Posted in Commodity Futures, Fundamental Valuation

Do oil price variations reliably affect returns for U.S. industry-level stock portfolios? In the June 2011 draft of their paper entitled “U.S. Industry-Level Returns and Oil Prices”, Qinbin Fan and Mohammad Jahan-Parvar apply several tests to investigate how oil price changes impact stock returns for 49 U.S. industries. They test economic significance by: (1) using a 60-month rolling historical window to model the predictive relationship between spot oil price changes and industry returns; (2) applying this relationship each month to the last observed oil price change to predict future industry returns; and, (3) investing in either industry portfolios or 4-week Treasury bills according to which has the higher expected return. They assume an industry portfolio-Treasury bill switching friction of 0.10%. Using monthly and weekly prices for West Texas Intermediate crude oil spot (January 1979 through January 2009) and nearest contract Cushing, Oklahoma light sweet crude oil futures (February 1986 through January), along with contemporaneous U.S. industry returns, they find that:

  • Spot oil price changes have significant predictive power for some U.S. industry-level stock returns, but oil futures price changes generally do not.
  • The relationship between spot oil price changes and future stock returns concentrates (based on statistical significance) in about a fifth of U.S. industries: autos, boxes, business services, construction, meals, personal services, retail, rubber and telecom.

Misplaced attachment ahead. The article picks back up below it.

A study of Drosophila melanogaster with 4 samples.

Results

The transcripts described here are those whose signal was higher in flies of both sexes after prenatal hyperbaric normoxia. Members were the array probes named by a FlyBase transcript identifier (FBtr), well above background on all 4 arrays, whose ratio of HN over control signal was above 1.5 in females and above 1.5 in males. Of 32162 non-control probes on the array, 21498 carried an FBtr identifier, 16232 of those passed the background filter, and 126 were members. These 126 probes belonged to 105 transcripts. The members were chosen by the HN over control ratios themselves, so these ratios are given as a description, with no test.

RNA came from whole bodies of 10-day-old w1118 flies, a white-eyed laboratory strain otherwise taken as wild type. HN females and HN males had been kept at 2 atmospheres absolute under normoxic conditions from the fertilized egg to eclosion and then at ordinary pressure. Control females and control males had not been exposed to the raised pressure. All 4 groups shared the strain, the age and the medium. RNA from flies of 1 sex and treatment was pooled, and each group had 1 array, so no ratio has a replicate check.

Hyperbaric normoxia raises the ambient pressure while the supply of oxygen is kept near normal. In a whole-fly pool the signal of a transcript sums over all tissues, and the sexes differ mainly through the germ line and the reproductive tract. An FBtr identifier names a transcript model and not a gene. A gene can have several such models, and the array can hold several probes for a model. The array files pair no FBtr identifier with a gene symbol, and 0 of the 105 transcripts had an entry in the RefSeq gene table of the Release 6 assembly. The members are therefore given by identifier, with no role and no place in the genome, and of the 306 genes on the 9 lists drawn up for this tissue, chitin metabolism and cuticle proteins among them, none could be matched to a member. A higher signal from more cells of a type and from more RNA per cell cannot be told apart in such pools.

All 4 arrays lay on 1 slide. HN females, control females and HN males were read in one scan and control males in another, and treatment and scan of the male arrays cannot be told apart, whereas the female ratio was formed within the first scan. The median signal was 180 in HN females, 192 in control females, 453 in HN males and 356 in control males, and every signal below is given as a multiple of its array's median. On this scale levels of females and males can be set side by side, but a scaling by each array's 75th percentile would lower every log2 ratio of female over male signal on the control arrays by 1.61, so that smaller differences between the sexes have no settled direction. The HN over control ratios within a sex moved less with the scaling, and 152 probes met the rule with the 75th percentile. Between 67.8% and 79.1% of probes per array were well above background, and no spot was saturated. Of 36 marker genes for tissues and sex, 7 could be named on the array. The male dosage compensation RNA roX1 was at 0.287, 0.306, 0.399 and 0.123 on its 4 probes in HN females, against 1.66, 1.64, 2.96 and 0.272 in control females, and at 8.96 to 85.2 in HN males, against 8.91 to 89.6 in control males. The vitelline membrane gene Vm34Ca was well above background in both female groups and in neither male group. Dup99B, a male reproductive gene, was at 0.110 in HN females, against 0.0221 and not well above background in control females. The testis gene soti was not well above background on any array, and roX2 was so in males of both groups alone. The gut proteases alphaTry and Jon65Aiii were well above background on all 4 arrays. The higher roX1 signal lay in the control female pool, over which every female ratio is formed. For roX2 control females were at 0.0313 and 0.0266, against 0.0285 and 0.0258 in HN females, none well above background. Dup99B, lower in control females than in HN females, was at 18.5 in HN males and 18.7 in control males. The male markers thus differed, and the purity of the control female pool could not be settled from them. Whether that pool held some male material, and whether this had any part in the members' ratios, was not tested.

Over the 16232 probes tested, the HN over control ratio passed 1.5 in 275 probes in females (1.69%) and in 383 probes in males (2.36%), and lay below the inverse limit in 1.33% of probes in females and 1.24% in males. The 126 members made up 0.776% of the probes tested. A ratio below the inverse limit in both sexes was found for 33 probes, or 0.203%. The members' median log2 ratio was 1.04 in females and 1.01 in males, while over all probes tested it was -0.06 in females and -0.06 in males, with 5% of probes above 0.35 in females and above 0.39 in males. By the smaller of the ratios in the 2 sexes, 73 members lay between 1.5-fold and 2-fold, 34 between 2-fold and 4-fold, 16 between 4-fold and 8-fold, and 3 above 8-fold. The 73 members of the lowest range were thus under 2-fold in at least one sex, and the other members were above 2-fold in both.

• There is a delay of six to ten trading days between spot oil price changes and industry-level returns, and the effect does not persist more than a month.
  • The spot oil timing strategy described above, equally weighted across all 49 industries, generates an average annual net return of 12.9%, compared to 10.7% for a comparable buy and hold strategy. The corresponding average annual net Sharpe ratios are 0.67 for the spot oil timing strategy and 0.48 for a buy and hold strategy.
  • For the equally weighted nine industries with strong evidence of dependence on spot oil price changes, the oil timing strategy generates an average annual net Sharpe ratio of 0.72.

In summary, evidence indicates that changes in spot oil prices usefully predict some U.S. industry-level stock returns at an horizon of less than one month.

Cautions regarding findings include:

  • Given the number of positions involved within industry portfolios, the assumed industry portfolio entry/exit friction of 0.10% may be quite optimistic over the 1984-2008 trading strategy test (see “Trading Frictions Over the Long Run”).
  • The study appears to ignore the incremental and likely material trading frictions involved in monthly rebalancing across industries implicit in equally weighted outcomes.
  • Analysis of subperiods to gauge trend in the predictive power of spot oil price changes for industry-level returns would be interesting.